Thursday, December 1, 2022


Access to medication is key to HIV prevention, a Florida university uses a religious exemption to disband its faculty union, plus Nevada tribes and conservation leaders praise a new national monument plan.


The House passed a bill to avert a crippling railroad strike, Hakeem Jefferies is chosen to lead House Democrats, and President Biden promises more federal-Native American engagement at the Tribal Nations Summit.


The first-ever "trout-safe" certification goes to an Idaho fish farm, the Healthy Housing Initiative helps improve rural communities' livability, and a new database makes it easier for buyers and builders to find available lots.

Champions for Biodiversity Want Biden Administration to Do More


Monday, May 23, 2022   

Land-use changes, pollution, and climate change all contribute to declining biodiversity. Now a broad group of U.S. lawmakers wants the Biden administration to develop a robust plan to reverse the trend.

Sen. Mimi Stewart, D-Bernalillo, is one of 350 state lawmakers from around the country who signed a letter calling on the Biden administration to create a national biodiversity strategy to protect the country's dwindling variety of animals and plants.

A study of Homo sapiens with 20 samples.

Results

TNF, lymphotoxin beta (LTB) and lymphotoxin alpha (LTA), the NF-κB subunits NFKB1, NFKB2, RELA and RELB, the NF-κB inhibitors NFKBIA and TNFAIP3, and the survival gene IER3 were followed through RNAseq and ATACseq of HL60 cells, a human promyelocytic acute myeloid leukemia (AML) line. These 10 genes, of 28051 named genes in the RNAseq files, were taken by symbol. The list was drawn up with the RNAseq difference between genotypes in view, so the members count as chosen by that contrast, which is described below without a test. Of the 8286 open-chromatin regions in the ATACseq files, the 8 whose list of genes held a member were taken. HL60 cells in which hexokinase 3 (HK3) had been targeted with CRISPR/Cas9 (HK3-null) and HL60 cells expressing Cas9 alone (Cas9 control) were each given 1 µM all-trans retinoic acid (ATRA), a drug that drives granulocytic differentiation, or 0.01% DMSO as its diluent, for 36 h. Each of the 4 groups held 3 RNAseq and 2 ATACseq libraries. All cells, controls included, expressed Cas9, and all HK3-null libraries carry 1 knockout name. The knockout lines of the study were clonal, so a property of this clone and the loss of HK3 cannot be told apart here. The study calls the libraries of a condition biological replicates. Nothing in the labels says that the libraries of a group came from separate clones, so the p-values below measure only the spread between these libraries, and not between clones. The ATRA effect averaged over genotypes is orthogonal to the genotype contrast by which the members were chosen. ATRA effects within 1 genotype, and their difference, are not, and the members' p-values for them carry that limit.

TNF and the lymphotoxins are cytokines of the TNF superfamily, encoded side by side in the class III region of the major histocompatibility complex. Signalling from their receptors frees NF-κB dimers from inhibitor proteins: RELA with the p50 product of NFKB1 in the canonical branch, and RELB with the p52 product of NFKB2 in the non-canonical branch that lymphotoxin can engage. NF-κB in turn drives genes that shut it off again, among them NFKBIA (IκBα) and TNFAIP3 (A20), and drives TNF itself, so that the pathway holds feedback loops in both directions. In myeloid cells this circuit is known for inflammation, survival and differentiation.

Stewart said human activities causing the die-off of pollinators such as bees should not be allowed to continue.

"We are killing them by our use of neonicotinoids, which stay in the water and the dirt and in plants for hundreds of years," Stewart pointed out.

Environment New Mexico said bees pollinate approximately 100 crops that provide 90% of most of the world's food. The letter was coordinated by the National Caucus of Environmental Legislators. It noted 193 countries have developed forms of a national biodiversity strategy.

Robert Dewey, vice president of government relations and external affairs for Defenders of Wildlife, among a host of organizations and scientists supporting the national plan, said leading scientists have found without intervention, up to one million species could become extinct in the coming decades.

"In the U.S., the National Audubon Society estimates three billion birds have disappeared since 1970. And just last fall, U.S. Fish and Wildlife Service announced the extinction of 23 more species."

During the 2022 legislative session, Stewart introduced Senate Joint Memorial 2 to require federal agencies devise a strategy to restore imperiled species. She fears the risk of disease for humans will increase, if biodiversity is not addressed.

"Clear evidence that it's human activities," Stewart contended. "We're encroaching upon on wild animals and that is going to produce more pandemics."

Stewart acknowledged her bill did not pass, but she plans to introduce similar legislation in 2023.

Disclosure: Defenders of Wildlife contributes to our fund for reporting on Climate Change/Air Quality, Endangered Species & Wildlife, Energy Policy, and Public Lands/Wilderness. If you would like to help support news in the public interest, click here.